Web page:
Graham S. Finney

Anne d’Harnoncourt
1997
Cecilia Moy Yep
1999

An outspoken city planner and civic leader, Graham S. Finney won the Philadelphia Award for having, over four decades, “guided many decisions and institutions that continue to shape Philadelphia as a renewed and vibrant city.”Throughout his career, Finney promoted cooperation between government, corporate, and non-profit organizations, resulting in improvements in the lives of residents of the greater Philadelphia area, with a special focus on the disadvantaged.


 
F inney was born in Greenwich, Connecticut, and attended school there. He received an undergraduate degree from Yale University (1952) and a master’s degree in public administration from Harvard University (1954). He worked in city planning in Portland, Maine, and in Boston, before becoming the second-ranking member of the Philadelphia Planning Commission (1961-1966).

As deputy superintendent for planning and later deputy superintendent for the School District of Philadelphia (1966-1969), Finney brought attention to the decades of neglect of the public schools. By the time he left, the school district had implemented a massive building program, providing for 25 new schools and the expansion of numerous others. Finney’s ability to bring people to consensus was a major factor in Philadelphia being the only city in the United States to pass three consecutive school bond issues.

After a stint as commissioner of the Addiction Services Agency in New York City, Finney returned to the city in 1973, to be the managing director of the Greater Philadelphia Partnership, a business-led civic group. In 1977, Finney founded and became president of the Corporation for Public/Private Ventures, a national non-profit research and development organization, which deals with issues of unemployment, social services, and economic development. The organization directed two nationwide projects for the U.S. Department of Labor, building public and foundation support for the development of national programs to prepare at-risk youth for employment.

In 1980, Finney founded the Conservation Company, a consulting firm that he headed as chief executive officer until 1997. The firm assisted tens of thousands of low income Philadelphians to maintain heat, water, and light in their homes by creating a mechanism for utility providers to resolve customers’ unpaid bills, while instituting conservation practices that reduced consumption when costs were escalating. The program became a model for cities across the nation.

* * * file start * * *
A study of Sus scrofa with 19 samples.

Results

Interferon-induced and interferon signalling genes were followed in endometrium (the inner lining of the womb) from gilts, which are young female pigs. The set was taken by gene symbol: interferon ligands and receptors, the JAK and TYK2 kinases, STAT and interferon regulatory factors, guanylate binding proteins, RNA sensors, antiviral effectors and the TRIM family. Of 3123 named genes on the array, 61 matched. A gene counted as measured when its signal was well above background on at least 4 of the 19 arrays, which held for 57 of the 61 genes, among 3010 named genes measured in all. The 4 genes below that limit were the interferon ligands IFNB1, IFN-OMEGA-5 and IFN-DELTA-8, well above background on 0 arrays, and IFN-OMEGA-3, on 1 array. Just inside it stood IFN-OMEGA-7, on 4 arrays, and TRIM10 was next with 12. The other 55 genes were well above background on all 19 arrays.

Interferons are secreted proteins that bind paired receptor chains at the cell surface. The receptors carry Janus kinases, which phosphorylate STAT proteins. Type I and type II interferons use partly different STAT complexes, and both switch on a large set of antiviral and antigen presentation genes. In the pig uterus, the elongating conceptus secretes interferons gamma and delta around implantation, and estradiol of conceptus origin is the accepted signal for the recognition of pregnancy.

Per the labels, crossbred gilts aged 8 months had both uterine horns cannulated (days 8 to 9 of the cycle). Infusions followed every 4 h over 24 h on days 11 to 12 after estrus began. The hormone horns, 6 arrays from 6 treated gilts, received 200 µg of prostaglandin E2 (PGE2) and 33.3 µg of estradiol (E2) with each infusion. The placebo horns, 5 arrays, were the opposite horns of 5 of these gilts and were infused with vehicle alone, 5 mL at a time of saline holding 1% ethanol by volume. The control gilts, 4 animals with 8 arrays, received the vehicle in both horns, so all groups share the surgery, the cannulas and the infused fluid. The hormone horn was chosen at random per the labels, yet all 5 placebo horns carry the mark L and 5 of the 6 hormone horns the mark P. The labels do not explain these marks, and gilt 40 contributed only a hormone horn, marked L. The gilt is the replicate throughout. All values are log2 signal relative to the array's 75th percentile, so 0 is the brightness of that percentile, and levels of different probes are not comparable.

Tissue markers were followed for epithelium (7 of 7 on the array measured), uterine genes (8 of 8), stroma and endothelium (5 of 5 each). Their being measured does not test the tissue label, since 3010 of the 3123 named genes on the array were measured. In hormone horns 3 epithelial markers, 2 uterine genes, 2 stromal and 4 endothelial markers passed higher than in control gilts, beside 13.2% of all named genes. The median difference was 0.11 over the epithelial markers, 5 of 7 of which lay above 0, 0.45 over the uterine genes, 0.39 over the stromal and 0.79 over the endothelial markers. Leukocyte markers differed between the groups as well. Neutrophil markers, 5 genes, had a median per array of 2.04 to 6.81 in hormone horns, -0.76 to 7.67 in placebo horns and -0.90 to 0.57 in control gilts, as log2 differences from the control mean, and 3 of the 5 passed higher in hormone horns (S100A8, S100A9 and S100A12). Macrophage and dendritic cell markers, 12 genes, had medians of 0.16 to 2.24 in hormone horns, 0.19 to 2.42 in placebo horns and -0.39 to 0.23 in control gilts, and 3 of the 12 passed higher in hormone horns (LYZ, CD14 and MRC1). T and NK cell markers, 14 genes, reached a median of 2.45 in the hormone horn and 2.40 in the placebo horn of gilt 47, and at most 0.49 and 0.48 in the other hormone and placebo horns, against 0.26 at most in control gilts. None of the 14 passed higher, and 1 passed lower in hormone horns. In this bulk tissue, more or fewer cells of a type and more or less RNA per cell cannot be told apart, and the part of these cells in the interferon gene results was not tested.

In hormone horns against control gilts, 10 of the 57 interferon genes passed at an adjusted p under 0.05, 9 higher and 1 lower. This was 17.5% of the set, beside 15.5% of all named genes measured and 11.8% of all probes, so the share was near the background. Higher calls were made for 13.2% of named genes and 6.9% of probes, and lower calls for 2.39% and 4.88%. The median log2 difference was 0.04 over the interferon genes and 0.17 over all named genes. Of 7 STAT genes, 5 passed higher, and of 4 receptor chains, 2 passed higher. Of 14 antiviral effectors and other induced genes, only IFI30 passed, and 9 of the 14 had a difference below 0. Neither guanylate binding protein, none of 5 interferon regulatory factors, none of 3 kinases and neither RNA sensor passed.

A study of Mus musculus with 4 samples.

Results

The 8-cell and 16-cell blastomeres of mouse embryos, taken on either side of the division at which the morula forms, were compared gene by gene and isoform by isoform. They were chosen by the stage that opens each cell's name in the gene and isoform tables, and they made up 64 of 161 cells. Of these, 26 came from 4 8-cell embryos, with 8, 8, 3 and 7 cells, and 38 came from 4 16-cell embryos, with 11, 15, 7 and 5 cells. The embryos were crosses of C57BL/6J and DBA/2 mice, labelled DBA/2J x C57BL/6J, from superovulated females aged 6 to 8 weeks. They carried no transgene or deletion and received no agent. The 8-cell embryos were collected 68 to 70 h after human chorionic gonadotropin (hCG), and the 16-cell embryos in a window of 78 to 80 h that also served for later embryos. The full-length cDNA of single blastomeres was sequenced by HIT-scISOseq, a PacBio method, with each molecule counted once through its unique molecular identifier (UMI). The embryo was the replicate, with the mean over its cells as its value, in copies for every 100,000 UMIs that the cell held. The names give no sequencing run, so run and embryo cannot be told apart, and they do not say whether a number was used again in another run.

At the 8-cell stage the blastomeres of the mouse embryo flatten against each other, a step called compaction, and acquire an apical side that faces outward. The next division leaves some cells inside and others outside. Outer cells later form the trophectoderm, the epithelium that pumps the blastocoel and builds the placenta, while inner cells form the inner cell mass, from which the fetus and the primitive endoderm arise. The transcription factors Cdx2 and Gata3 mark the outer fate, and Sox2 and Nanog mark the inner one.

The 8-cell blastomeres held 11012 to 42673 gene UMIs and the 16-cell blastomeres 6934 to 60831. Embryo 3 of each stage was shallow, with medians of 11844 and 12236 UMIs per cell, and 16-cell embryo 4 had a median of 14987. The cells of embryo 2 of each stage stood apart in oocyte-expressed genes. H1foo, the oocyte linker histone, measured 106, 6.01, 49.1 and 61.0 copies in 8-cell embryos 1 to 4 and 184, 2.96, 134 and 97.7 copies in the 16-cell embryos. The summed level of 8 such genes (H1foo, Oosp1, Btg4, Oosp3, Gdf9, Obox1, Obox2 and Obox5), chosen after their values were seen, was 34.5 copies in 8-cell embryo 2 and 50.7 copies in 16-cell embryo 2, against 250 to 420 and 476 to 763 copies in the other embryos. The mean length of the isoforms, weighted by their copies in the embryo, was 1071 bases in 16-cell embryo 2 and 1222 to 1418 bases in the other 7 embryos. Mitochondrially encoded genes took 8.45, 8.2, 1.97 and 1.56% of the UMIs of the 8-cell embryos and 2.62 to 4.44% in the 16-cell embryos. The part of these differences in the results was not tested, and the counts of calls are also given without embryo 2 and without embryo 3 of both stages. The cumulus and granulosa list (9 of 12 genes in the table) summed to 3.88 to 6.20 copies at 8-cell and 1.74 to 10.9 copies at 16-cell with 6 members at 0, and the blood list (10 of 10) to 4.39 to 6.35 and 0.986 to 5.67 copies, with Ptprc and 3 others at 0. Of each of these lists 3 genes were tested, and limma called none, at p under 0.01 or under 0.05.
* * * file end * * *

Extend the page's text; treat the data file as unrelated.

As chairman of the City Planning Commission (1983-1988), Finney steered the city through the complex process of removing the height limit barring buildings taller than the William Penn statue, enabling Center City to expand commercially. He spearheaded the creation of long-range plans for Center City and North Philadelphia.

During this period Finney often clashed with City Council over budgetary priorities. In Finney’s view, the maintenance of existing buildings (especially the deteriorating city hall tower) and repair of the city’s decaying infrastructure were priorities that City Council was neglecting. His call apparently was partly heeded—a renovation and beautification of City Hall undertaken in 1988 led to a substantial restoration of the historic building.

In 1988, Finney cofounded the 21st Century League to influence Philadelphia’s long-term future. During the 1990s Finney and the league accomplished much, including setting up the Delaware Valley Mortgage Plan, facilitating 763 million dollars in mortgage loans to low and moderate income home buyers; coordinating the implementation of an immunization campaign that served approximately 6,000 disadvantaged children in a single month, becoming a model for the city; and through an informational campaign helping thousands of working poor families receive an average of $850 each by taking advantage of the federal earned income tax credit.

“Graham has spent his entire career creating institutions or programs of value to society at large and Philadelphia in particular,” remarked Nelson Harris, former CEO of the Tasty Baking Co.

Ann S. Nista

Sources: The following are all articles in the Philadelphia Inquirer: Frederick Cusick, “Planner Finney wins Philadelphia Award,” April 7, 1999; Alan J. Heavens, “20 Years Giving Hope with Mortgages,”Feb. 5, 1995; Marc Kauffman, “Bringing Vaccines to City Children,” May 1, 1991; Hank Klibanoff, “Plan for Center City Unveiled Envisions a Boom in Commerce,” May 19, 1988; Vernon Loeb, “Planners: City Needs a Fix-up, Buildings, Sewers Badly Deteriorated,” Feb. 1, 1985; Loeb, “Planning Panel Urges Rejection of Council Cuts,” May 16, 1986; Loeb, “Panel Bows to Council, with a Kick, May 6, 1988; Loeb, “Planners Propose, and Decry, a New Capital Budget,” Feb. 24, 1987; Loeb, “At the City Capital Budget Hearings: Outlines of an Enormous Problem,”April 12, 1987; William W. Sutton, Jr. “City Council, Planner Trade Barbs,” April 15, 1986; Mark Wagenveld, “Planners to Advise on Height Limit,” May 3, 1984; “Rewarding work: If You Work Full Time, You shouldn’t be Poor,” Jan. 5, 1993; Ginny Weingard, “Steps to a Bright, Clean City Hall,” Philadelphia Inquirer, Oct. 12, 1989. Graham S, Finney, Drugs: Administering Catastrophe (Washington, D.C.,1975). The following collected from the Philadelphia Award Records: Series 2 (Recipients and Nominees), Box 7, folder 24 and 25, Box 8, folder 1: newspaper clippings, nomination materials, resume, support letters, press release.